Brothers Born of Adversity: How the Bonds of Friendship Helped Two Men Survive the Horrors of Japanese Prison Camps and the Infamous Hell Ships During WWII

Brothers Born of Adversity

This historical narrative weaves the true story of how two navy corpsmen’s bond of friendship helped them survive being prisoners of the Japanese Empire during WWII. In addition to being imprisoned in the Philippines and Japan, they lived through unimaginable horror on the infamous “hell ships,” of which only one of six men survived to see the war’s end.

Two army nurses, who were sisters of one of these men, would volunteer for duty in the Pacific Theater in hopes of finding their brother, even though it put them in harm’s way during the battle of Okinawa.

This book also explores how the men’s experiences growing up helped prepare them for the suffering they would endure, the impact on other family members back home, and how the years of torture and deprivation as POWs would affect their lives after the war.

The Author: Larry Dean Reese is a retired university financial administrator who served in various leadership roles at Florida State University. He earned his bachelor’s and master’s degrees from the University of Florida and was a licensed certified public accountant. He has been active in several Christian service activities. Larry has three grown children and seven grandchildren. He loves visiting his grandchildren, travel, studying history, genealogy, and writing.

My Thoughts: This is a gruesome episode from World War II that must not be forgotten. The author has masterfully woven the ordeal of the POWs of the Japanese with stories two men told their families about those terrible years. Since both men had already died, Larry Reese relied on several other sources to corroborate the memories told by their children. George Crowell and Frank “Max” Maxwell were Navy Corpsmen before the war, caught in the Philippines early in the war. They met as POWs at Bilibid prison, where they were held for more than two years.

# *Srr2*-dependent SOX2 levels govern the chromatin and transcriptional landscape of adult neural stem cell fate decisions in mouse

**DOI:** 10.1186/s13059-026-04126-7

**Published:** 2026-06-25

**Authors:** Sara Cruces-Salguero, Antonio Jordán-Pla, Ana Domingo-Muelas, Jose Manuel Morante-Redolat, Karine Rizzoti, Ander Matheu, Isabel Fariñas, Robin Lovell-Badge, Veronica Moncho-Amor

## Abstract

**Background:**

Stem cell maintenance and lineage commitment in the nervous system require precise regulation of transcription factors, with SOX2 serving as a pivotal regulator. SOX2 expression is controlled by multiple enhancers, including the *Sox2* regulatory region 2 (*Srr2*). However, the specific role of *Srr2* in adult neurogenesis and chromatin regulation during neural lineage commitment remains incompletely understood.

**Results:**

Conditions worsened dramatically after the Allied invasion of the Philippines in late 1944, when the POWs were loaded onto three overcrowded ships with no ventilation and little food or water. Using the buddy system, George and Max survived filthy conditions, an attack on their ship when one was wounded, caring for sick and disabled men, madness among some, cruelty by guards, dead POWs tossed overboard every 2-3 days. The miserable trip is presented day by day, giving the reader a sense of how hopeless it seemed to the prisoners. Even after arriving in Japan, they faced hellish abuses by brutish guards. 

Because the malnourished men were held at a camp 40 miles from Nagasaki, they probably witnessed the atomic bomb cloud on August 9, 1945. Meanwhile, two of George’s sisters had become Army nurses. When the war ended and George and Max were finally freed, the sisters met them at a transient camp. 

It’s a miracle that these two men survived the worst cruelties an enemy inflicted on them. They had encouraged one another, forming a critical bond connecting them for decades, even with their extended families. 

The book ends with details from the War Crimes Trials, for those who committed atrocities against the prisoners, lingering effects on men held as POWs, an extensive bibliography, and an index.

I’m an endorser of this significant book.

Please check out Larry Reese’s Amazon Author Page.


  1. It is miraculous that these two men survived. It is such a good thing that their story is told. With the help of God and faith in one another, these two men survived. Thank you for reviewing and endorsing this book!

  2. We must learn from history and I thank Reese for taking on such a daunting task. And thank you, Joy, for sharing the information about Brothers Born of Adversity.